About the project
Acts of Violence presents scenes from Seneca's Thyestes, a Roman tragedy that was written during the gruesome reign of Nero, as a catalyst for town hall discussions about the impact of political violence upon individuals, families, caregivers, health and human rights advocates, communities, and nations.
About the play
Thyestes by Seneca
Authored in secrecy by Nero’s closest advisor, Seneca, at the height of his monstrous crimes against his family and humanity, Thyestes depicts extreme acts of political violence and vengeance during a tumultuous transfer of power, proving an ancient perspective on contemporary social issues.
Addiction & Substance AbuseThe Dionysus Project
The Dionysus Project is an innovative public health project that presents readings of scenes from Euripides' Bacchae, an ancient Greek play about the destructive power of intoxication, as a catalyst for town hall discussions about the impact of substance abuse and addiction upon individuals, families, and communities. The project uses an ancient Greek tragedy, written nearly 2500 years ago, to engage audiences in crucial discussions about the timelessness of the human struggle with substance abuse and addiction, as well as resources and solutions that communities can utilize today.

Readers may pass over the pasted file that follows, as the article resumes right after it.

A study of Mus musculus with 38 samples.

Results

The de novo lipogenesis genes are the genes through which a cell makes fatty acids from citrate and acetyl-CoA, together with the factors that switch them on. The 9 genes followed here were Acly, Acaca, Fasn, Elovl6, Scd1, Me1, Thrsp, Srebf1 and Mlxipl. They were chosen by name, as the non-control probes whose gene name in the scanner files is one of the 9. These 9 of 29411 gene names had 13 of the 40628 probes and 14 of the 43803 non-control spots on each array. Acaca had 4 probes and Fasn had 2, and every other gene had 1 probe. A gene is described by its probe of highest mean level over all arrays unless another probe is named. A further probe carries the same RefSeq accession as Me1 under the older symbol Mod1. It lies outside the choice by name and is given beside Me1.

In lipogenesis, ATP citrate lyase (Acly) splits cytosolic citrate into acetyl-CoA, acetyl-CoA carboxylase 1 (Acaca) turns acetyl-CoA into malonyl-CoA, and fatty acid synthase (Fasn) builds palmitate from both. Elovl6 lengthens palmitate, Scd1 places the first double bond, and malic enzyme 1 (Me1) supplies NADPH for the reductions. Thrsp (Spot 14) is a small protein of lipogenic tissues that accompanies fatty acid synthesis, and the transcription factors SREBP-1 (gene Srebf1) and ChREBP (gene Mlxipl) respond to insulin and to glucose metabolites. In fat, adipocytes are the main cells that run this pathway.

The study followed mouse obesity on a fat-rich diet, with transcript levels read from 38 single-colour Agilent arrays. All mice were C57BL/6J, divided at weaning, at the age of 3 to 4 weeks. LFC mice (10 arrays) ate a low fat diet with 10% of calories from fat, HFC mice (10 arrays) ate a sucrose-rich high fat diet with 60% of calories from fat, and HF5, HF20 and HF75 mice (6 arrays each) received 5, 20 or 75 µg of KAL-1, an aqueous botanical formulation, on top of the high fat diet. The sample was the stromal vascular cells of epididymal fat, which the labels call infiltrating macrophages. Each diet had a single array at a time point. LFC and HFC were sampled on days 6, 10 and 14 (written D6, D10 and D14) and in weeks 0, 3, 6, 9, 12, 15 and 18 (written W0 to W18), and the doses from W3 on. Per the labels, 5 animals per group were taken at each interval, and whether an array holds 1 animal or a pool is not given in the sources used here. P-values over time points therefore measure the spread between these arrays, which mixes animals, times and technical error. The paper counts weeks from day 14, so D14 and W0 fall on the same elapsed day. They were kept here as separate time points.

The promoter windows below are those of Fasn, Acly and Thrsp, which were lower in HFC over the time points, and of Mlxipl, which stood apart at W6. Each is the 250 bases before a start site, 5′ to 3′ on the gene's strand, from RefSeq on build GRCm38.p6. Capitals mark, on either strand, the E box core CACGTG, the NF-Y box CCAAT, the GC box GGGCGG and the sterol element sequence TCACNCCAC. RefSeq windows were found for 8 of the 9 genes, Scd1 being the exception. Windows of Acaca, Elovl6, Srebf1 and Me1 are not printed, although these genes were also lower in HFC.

Refugees & ImmigrationThe Suppliants Project
The Suppliants Project is an innovative new project, developed by Theater of War Productions, that will present dramatic readings by acclaimed actors of scenes from Aeschylus’ play The Suppliants—an ancient tragedy about fifty female refugees who seek asylum in the ancient city of Argos, and the struggle within that city about whether to receive them—as a catalyst for powerful, candid discussions about human trafficking, immigration, and current refugee crisis.
Medea timelessly depicts how scorned passion can lead to revenge and, sometimes, unthinkable violence. This project, which premiered at the Brooklyn Academy of Music in June 2016, delves into under-discussed mental health issues that affect women and their families.